It is always fun when my interests overlap, and such is the case with the AWS Tile Generator that I would like to share with you today.
Beyond the tiles themselves, I spent some time thinking about how cool it is that so many different moving parts (as my friend Gary Gordon likes to say) came together to make this happen. This includes both hardware and software, and is a testament to the power and value of published, open data formats and open source software.
Created by my colleague Wayne Stallwood, the generator takes the AWS Icon Assets (a ZIP file that contains a bunch of icons in SVG format), uses a Python script to unzip and preprocess each of the icons in the file, and then uses OpenSCAD to turn each SVG-formatted icon into an STL file suitable for 3D printing. Wayne also included a samples directory with STL files for some of the most common AWS services.
The printed tiles look amazing and I can think of all sorts of fun uses for them:
The STL files are effectively of infinite resolution, so I can print the tiles in any size that I want.
An STL file defines the shape of an object to be printed, but it does not actually tell the printer how to move from place to place or layer to layer. The instructions needed to do this (formally known as G-code) are different for each make and model of printer. In addition, there are a lot of options to choose from when printing. These include the size (diameter) and type of filament, the thickness of each layer (thinner layers can represent more detail but make the print take longer), and then the overall density of the object.
While it is certainly possible to print solid objects, this is time-consuming and overkill in most cases. Instead, the exterior walls are fully printed, and the interior is only partially filled. This interior fill is called infill, and there are plenty of options to choose from.
The program that accepts an STL file (or another device-independent representation of a 3D object) and turns it into G-code is called a slicer. I use the open source PrusaSlicer, but there are many others, both commercial and open source to choose from.
PrusaSlicer has 3 operating modes (Simple, Advanced, and Expert). The Advanced and Expert modes offer increasing degrees of control, and become more useful as you gain experience with 3D printing. This can be somewhat daunting at first glance:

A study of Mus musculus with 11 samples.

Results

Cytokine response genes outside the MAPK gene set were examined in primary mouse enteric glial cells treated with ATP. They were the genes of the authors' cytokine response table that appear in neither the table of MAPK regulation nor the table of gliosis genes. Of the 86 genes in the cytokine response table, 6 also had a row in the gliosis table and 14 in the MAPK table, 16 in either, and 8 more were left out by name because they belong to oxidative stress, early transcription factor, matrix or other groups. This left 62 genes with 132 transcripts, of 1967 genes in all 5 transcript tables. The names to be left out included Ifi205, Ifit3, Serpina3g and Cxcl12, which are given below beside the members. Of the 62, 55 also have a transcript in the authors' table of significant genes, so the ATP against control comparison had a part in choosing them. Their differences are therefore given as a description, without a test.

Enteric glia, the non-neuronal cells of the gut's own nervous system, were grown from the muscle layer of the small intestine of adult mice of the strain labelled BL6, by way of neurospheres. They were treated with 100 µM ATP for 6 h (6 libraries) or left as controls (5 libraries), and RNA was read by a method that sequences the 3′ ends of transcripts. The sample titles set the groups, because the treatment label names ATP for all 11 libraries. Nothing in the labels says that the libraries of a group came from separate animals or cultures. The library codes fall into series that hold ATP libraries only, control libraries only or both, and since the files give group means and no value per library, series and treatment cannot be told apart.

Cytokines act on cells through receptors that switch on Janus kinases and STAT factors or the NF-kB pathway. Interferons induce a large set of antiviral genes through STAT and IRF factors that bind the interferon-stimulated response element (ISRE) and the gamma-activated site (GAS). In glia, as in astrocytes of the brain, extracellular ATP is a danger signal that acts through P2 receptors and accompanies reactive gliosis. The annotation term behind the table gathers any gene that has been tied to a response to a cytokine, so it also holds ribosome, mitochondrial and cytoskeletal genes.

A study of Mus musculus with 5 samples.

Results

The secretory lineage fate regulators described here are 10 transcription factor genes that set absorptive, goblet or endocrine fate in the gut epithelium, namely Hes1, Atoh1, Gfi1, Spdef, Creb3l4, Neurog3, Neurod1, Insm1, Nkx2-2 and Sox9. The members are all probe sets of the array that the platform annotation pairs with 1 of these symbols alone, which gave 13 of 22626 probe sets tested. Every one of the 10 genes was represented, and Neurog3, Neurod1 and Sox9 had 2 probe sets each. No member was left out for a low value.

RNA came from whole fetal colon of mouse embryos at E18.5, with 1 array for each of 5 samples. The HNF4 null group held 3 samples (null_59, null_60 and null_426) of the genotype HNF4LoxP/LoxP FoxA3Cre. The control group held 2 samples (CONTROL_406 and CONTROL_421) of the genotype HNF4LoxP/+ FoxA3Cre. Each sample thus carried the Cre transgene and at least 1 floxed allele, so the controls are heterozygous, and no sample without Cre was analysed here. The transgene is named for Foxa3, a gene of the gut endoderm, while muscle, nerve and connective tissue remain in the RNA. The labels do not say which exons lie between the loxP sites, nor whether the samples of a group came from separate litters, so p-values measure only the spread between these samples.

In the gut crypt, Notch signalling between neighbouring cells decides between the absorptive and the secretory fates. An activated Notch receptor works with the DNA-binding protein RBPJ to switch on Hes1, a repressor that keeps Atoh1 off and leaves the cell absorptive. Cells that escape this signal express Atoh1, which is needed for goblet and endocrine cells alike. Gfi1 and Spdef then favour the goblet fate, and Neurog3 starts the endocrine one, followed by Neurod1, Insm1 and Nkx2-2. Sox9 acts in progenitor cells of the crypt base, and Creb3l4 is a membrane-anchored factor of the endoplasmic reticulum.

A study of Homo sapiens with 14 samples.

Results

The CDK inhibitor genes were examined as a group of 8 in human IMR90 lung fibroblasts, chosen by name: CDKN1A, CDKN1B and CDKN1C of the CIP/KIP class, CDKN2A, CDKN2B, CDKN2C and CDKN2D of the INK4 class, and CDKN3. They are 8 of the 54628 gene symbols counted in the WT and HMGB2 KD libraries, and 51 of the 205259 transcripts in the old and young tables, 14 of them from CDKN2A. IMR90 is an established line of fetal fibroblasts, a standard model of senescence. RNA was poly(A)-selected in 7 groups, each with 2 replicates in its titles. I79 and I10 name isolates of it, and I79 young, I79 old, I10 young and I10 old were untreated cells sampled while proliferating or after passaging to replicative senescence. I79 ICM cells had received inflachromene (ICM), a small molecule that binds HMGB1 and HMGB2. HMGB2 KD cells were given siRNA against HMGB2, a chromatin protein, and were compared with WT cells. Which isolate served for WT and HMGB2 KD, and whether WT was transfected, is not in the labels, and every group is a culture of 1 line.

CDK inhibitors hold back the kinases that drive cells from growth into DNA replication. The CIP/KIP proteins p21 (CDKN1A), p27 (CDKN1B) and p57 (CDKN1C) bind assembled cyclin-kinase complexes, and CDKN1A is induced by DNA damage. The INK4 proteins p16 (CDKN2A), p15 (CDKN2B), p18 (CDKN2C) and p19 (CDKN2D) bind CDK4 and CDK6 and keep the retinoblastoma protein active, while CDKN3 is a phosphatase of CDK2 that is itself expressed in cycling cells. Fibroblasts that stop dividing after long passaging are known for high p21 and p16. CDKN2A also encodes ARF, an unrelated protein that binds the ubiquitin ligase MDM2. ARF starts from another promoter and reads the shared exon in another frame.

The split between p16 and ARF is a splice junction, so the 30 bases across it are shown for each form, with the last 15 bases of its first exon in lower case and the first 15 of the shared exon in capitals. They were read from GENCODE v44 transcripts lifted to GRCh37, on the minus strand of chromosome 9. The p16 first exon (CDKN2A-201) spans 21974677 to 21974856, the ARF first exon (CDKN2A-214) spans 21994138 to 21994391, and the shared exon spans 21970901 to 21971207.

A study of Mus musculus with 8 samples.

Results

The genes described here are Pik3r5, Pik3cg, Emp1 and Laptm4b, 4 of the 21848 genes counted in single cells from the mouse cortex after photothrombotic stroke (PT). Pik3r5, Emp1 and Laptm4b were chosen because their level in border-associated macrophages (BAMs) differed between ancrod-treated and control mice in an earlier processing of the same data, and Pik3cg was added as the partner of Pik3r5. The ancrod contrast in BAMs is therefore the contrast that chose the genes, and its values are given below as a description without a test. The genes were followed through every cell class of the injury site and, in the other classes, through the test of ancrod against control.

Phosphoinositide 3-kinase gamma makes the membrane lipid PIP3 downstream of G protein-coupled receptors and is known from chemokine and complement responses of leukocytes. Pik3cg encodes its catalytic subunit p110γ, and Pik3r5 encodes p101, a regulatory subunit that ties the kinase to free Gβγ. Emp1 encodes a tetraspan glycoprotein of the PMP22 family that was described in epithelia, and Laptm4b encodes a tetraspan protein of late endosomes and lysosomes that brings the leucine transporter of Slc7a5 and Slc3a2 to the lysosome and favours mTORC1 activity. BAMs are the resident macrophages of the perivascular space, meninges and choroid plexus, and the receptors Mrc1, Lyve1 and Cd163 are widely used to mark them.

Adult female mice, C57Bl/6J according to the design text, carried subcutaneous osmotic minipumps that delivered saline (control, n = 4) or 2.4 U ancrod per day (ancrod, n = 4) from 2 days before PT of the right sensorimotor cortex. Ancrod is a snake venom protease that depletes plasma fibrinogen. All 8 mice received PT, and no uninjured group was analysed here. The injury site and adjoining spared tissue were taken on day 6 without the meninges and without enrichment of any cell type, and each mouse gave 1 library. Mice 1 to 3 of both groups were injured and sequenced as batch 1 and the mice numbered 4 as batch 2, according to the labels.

Truth be told, all of these choices scared me away from 3D printing for a while, and it took me some time to become comfortable knowing what choices to make and what knobs to turn. Fortunately, help (with lucid explanations) is just a click away from within PrusaSlicer.
The bottom line here: when someone says “just 3D print it” and implies that it is trivial, you can be sure that they have never done so themselves — there are lots of knobs to turn and lots of choices to make.
Slice and Dice
As you can see, I printed my tiles using two different colors of filament. This is a relatively simple 3D printing trick, but let’s take a deeper look anyway.
I create a fresh PrusaSlicer session and import an STL file to get started (I can work on more than one at a time, but let’s keep it simple):
Then I click Slice now, and PrusaSlicer does its thing. It actually detects objects that look like signs or logos, and offers to apply a color change automatically:
I click Apply color change automatically, and PrusaSlicer does that. It even shows me where the color change will take effect:
If PrusaSlicer did not have this feature or if I wanted to do something fancier, I would use the vertical bar (green and orange above) to specify any desired color changes.
When PrusaSlicer generates the G-code file, it inserts a “change filament” instruction. Then, when my printer (a Prusa i3 MK3S+) sees this instruction, it pauses, beeps, and walks me through the steps of unloading the current filament and loading the new one. One important note: The G-code doesn’t actually include any information about filament colors. If you look closely at the previous screen shot, you can see that PrusaSlicer tells me how long it will take to print each color.
To the Printer!
I save the G-code, and now I need to get it to the printer!
The first way to do this is by copying the file to an SD card, hand-carrying it to the printer, and then using the printer’s control panel to find the file and print it. This is a perfectly adequate starting point, but it gets tedious after a while.
To make things easier, I connected a Raspberry Pi to the printer and installed the open source OctoPrint web application. Instead of using an SD card, I simply upload (over Wifi) the file to OctoPrint, select it, and click the Print icon:
OctoPrint is modular and has a ton of interesting plugins, along with a very strong user community! One of my favorite plugins is OctoLapse, which takes high-quality time lapses of the printing process, again with tons of options to explore:
I am still fine-tuning my camera and my lighting; here’s a somewhat lame time lapse (my fault). There’s no visible motion here because I have configured OctoLapse to pause before it takes each photo:
To add one more element, I can also monitor the printing process from my phone using OctoApp. My OctoPrint installation is on a private IP address that is reachable only from within my home network. If I wanted to monitor my printer from afar, I could follow the steps in this video to create a secure remote connection from my phone to my printer using Tailscale.
My Printing Station
To wrap things up, here’s a picture of my printing station:
I didn’t set out to document my 3D printing setup or to introduce you to slicing, but that’s what happens when you just start writing! Leave me a note if you read this to the end and if you find this post useful.